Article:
I know, I know, it's not Wednesday, but I haven't written one of these posts in so long, and I finally have something to share.
For the last few weeks I've been tinkering with my eighth draft of V-Day. My writing group read it and critiqued it. I pressed and polished it.
Now I'm querying it.
It took me a couple weeks to get up the guts to jump into the querying process again. Probably just nerves. Probably that feeling I get, the twisting in my stomach -- "Ugh, I hate form rejection letters." Something akin to going to the dentist or getting a mammogram. You know you need to do it, but it doesn't make it ... fun.
Then I read this post by highly esteemed literary agent Janet Reid on How to get no more rejections, ever.
Her post was the dose of reality I needed to jump back on the query train. That, and an email conversation with my writing-friend Florence about how her queries were going. Florence is absolutely fearless when it comes to querying, and I realized my attitude needed to be more like hers. Not cringing, hiding, gnawing the insides of my cheeks -- but actually getting out there and doing something. Putting myself out there again.
Now, just a bit of history. With my last (first) book, I queried approximately 17 agents and got 16 rejections and one request for a partial. That request for a partial was for the very last query I sent out. It was encouraging to get a request for a partial for that book, but I think I'd already accepted the fact that there were problems with that story that no amount of editing (short of rewriting the entire book and changing the main character's personality) could help.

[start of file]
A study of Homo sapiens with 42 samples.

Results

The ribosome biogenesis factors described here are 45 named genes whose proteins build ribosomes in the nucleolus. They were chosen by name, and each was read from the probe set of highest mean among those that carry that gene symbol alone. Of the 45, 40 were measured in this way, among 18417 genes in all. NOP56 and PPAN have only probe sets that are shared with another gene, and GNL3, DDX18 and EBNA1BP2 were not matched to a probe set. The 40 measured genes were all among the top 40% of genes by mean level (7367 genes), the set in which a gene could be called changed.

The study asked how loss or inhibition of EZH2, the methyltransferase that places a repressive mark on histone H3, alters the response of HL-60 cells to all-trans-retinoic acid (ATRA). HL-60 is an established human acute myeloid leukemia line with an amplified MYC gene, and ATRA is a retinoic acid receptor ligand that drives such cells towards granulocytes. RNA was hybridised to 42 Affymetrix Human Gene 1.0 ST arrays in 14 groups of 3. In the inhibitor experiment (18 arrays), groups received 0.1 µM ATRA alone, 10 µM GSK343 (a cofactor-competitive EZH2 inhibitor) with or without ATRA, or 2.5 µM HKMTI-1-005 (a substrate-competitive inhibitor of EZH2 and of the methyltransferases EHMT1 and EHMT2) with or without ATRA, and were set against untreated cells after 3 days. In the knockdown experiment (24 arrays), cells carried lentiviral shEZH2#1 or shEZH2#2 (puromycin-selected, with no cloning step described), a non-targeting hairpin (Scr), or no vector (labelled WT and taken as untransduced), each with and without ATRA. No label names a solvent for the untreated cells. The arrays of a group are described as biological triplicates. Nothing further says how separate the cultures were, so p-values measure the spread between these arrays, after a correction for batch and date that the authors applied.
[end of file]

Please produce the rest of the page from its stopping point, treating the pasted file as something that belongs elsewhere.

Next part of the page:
After I received the rejection for the partial, I decided to shelve the book. I was already almost done with the first draft of V-Day; it was so nice to have another project on the burner to distract me.
So here I am, back in Query Land, this time with a whole new project.
I felt a tangible increase in comfort-level as I emailed my queries. Last time, it took me weeks to send out one or two. This time, I didn't feel so anal. I made my short-list of dream agents using Querytracker (invaluable tool!) and sent out all my queries over the course of a couple nights.
The next evening there was an email from one of the agents in my inbox with a request for a partial.
I'm ecstatic about that. Not because I'm jumping way ahead in my brain to the day V-Day will be published. No. I keep reminding myself that this is a journey and I still have a lot more books in me. V-Day is great, wonderful, exciting (in my humble, definitely-not-biased opinion), but it may not be the one that makes it to the bookshelves in Barnes and Noble. Only time will tell.
The encouraging thing is, I'm making progress. I'm taking baby steps in the right direction. That's the exciting part.